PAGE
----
US President Barack Obama promises 'smarter' rather than bigger government

Wednesday 13 February 2013 21.57
US President Barack Obama is greeted before his State of the Union address
Mr Obama rests his hands on a copy of his speech as he delivers his address
Mr Obama rests his hands on a copy of his speech as he delivers his address
President Obama delivered his speech before a joint session of Congress
President Obama delivered his speech before a joint session of Congress
The president promised 'smarter' rather than bigger government for 'the many, and not just the few'
The president promised 'smarter' rather than bigger government for 'the many, and not just the few'
Mr Obama points to Vice President Joe Biden as House Speaker John Boehner looks on
Mr Obama points to Vice President Joe Biden as House Speaker John Boehner looks on

US President Barack Obama called on US citizens to be the authors of the next great chapter of the American story.

In his first State of the Union address since his re-election, he pledged to revive the sluggish US economy by creating "good, middle-class jobs".

The address focused on jobs, balancing the budget and trade, and also covered thorny issues such as immigration and gun control.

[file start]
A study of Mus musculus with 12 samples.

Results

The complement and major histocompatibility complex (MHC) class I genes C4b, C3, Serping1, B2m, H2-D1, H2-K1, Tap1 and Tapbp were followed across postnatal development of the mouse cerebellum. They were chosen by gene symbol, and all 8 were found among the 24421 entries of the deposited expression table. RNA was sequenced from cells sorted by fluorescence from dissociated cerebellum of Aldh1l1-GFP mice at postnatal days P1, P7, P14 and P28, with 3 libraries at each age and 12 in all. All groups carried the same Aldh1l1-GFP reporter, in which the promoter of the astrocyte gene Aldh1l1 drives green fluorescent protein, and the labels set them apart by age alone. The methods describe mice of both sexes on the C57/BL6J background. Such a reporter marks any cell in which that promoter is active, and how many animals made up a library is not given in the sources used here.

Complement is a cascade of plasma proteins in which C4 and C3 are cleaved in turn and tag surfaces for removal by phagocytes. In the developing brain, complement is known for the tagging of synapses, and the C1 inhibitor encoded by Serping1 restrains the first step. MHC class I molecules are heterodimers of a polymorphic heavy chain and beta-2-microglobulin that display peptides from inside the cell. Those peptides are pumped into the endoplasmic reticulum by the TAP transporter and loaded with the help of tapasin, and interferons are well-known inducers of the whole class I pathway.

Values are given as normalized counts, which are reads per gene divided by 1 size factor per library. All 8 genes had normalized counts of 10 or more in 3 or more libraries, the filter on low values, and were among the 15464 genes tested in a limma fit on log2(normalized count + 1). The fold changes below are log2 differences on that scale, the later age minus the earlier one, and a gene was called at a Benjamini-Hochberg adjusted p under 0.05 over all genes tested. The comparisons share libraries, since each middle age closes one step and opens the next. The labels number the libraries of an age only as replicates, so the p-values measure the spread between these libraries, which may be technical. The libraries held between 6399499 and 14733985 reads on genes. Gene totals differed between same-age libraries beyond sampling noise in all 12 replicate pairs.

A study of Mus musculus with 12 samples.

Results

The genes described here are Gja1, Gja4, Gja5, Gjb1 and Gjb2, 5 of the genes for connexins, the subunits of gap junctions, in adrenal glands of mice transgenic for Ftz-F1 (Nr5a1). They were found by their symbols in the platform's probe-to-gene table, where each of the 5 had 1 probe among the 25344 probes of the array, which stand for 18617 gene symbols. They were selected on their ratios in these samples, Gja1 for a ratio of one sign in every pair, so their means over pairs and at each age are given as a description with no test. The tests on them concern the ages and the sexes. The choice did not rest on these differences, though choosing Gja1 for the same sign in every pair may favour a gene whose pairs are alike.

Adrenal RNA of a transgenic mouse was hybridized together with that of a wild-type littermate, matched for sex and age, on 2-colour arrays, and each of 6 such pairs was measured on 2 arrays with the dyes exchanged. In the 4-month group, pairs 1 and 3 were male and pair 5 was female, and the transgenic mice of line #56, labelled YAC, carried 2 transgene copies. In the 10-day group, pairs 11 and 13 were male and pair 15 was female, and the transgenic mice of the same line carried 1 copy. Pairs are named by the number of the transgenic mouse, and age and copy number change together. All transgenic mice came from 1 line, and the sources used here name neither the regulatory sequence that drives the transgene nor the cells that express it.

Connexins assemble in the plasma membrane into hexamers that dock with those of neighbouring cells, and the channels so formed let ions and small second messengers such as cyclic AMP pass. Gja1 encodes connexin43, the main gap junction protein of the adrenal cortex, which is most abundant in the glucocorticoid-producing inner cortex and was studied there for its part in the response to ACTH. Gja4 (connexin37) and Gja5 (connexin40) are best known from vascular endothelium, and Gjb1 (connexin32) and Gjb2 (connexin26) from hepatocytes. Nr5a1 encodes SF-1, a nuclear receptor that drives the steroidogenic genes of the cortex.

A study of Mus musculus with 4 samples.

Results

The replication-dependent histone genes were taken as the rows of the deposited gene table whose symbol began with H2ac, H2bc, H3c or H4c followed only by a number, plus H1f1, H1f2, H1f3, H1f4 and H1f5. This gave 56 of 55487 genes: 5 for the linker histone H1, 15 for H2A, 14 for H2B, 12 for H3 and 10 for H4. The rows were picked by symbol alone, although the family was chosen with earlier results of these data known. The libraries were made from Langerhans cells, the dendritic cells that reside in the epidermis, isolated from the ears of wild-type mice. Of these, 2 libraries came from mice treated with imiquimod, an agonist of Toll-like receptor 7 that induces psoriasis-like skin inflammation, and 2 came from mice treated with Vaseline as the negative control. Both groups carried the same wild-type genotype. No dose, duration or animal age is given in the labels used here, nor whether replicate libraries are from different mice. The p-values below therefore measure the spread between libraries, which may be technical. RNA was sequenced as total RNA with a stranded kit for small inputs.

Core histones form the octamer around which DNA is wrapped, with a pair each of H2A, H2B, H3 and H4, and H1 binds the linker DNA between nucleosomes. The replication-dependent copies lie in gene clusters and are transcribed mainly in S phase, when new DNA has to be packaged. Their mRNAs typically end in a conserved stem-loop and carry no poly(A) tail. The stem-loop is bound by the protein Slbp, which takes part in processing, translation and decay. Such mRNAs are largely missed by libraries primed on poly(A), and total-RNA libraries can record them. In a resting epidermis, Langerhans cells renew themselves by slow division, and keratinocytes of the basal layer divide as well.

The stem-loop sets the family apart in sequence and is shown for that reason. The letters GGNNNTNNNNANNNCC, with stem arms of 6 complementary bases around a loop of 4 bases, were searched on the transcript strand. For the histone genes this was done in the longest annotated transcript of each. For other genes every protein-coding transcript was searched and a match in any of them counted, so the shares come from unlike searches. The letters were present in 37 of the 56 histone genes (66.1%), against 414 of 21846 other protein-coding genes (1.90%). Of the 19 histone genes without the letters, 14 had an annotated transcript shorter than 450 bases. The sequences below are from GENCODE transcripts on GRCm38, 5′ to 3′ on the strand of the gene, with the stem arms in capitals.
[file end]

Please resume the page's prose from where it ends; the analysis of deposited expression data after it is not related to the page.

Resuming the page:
The president promised "smarter" rather than bigger government for "the many, and not just the few".

He reiterated his belief that the large cuts in public spending that the Republicans are demanding would hurt the economy, just as it is in recovery mode.

He also criticised the Washington way of drifting from what he called one manufactured crisis to the next.

He also outlined steps to reduce US involvement in Afghanistan, announcing the withdrawal of 34,000 US troops by early next year.

The emotional centre of the speech was his demand that Congress do something on gun control, telling the audience that the children killed in Newtown, Connecticut last December deserved a vote on tougher background checks and on banning assault weapons.

Mr Obama claimed broad support for a ban on assault weapons and high-capacity magazines, which he insisted should go to a vote in Congress.